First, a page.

Monday, November 24, 2014

Installing a Pilot-Mounted Coupler on a Brass Steam Locomotive, Part 1

The engine is an HO scale New England Rail Service New Haven class K-1b 2-6-0. The old coupler is a plastic KD clone with a mounting hole drilled in the shank. A .020 diameter pin goes through the shank & the holes in the cast-on scale coupler box. The new coupler is an all-metal KD #58 coupler with the trip pin cut off and the shank cut down. 

The Problem: the old coupler is starting to fail - i.e. the coupler face spring has lost its, um, "springiness" so (too) often the couple uncouples unexpectedly. 

The Solution: install a KD

The Second Problem: drilling a hole into that narrow, metal shank. 

I started a guide hole using the point of a safety pin, so the drill bit wouldn't travel. 

Yes, I'm drilling a hole. Or trying to. 

I'll eventually need a .025" hole to clear the mounting pin. That's a #72 drill bit. No way can I start that "large" (too big for the guide hole), so I started with a #80 bit. 

Yup - a .0135" diameter drill bit. 

I used a pin vise at first, but didn't get very far before - yup, you guessed it - the bit broke. 

I had another #80 bit, so I mounted that in my Dremel flex shaft and, using my variable speed foot pedal, I continued drilling.

I actually got the hole .005" deep before that bit broke. I'm actually pretty proud I got that far, considering I'm drilling metal with a microscopic drill bit. In a Dremel. 

But I still have .045" to go. 

And I don't have another #80 bit on-hand.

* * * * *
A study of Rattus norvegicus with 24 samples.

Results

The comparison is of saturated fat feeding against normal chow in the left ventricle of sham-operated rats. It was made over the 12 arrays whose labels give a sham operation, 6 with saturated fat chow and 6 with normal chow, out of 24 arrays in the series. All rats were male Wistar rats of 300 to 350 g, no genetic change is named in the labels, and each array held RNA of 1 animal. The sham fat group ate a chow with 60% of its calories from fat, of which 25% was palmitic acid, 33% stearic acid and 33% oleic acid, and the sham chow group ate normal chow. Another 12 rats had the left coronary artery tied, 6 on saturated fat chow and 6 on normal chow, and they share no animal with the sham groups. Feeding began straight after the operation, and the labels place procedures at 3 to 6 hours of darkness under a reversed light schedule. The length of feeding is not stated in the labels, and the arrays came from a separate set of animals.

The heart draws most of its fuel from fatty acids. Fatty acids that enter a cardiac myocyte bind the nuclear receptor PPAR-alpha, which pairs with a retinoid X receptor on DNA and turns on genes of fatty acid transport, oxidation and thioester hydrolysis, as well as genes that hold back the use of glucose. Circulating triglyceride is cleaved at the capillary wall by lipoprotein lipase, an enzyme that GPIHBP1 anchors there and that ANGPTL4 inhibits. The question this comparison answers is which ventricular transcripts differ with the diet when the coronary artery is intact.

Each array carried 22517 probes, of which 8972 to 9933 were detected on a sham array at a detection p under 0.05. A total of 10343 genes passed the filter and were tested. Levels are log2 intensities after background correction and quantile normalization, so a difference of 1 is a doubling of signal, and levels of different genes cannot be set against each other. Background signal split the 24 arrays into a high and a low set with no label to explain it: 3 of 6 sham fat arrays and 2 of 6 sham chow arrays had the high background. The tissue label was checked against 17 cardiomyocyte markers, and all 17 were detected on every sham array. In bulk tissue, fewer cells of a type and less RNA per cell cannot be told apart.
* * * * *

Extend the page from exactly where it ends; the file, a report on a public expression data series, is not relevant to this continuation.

Ah,well. There's always tomorrow. 

Yes, "Model Railroading is Fun" - or at least a lot more fun than bathroom remodeling or raking leaves. I'll take a couple broken drill bits over that any day. 

(Btw, if any of you have any tips/suggestions for a better way of doing this, please let me know :^)


  1. From you starting point with the #80 hole, you should be able to go to a #76 drill and get it started. Don't forget to add some oil while drilling metal! Anything should do, from Labelle that you use oiling loco models to 3-in-1. Also, back out frequently and clear the chips.

    I hope you are using a drill press and not trying to do it by hand.

  2. Ditto to what Pete said, but you don't absolutely need a drill press, just a good pin vise and a steady hand. Personally I prefer drilling the smallest holes by hand since I can better control the speed and pressure. The advantage to the press is, if your work is secure, that you avoid binding and bending which leads to breaking, as you have discovered. Those Kadee shanks are HARD metal compared to soft white metal castings. I just used a #76 to put a hole in a soft metal K brake casting - on the tip of the dust collector line. Patience, patience and patience are required, and many drill bits until the skill is honed. Keep at it!

  3. Should have clarified that the drill press comment we meant using the Dremel tool. Too easy on such a small object to wiggle the Dremel just enough to miss the start or break the bit when working with something like #80.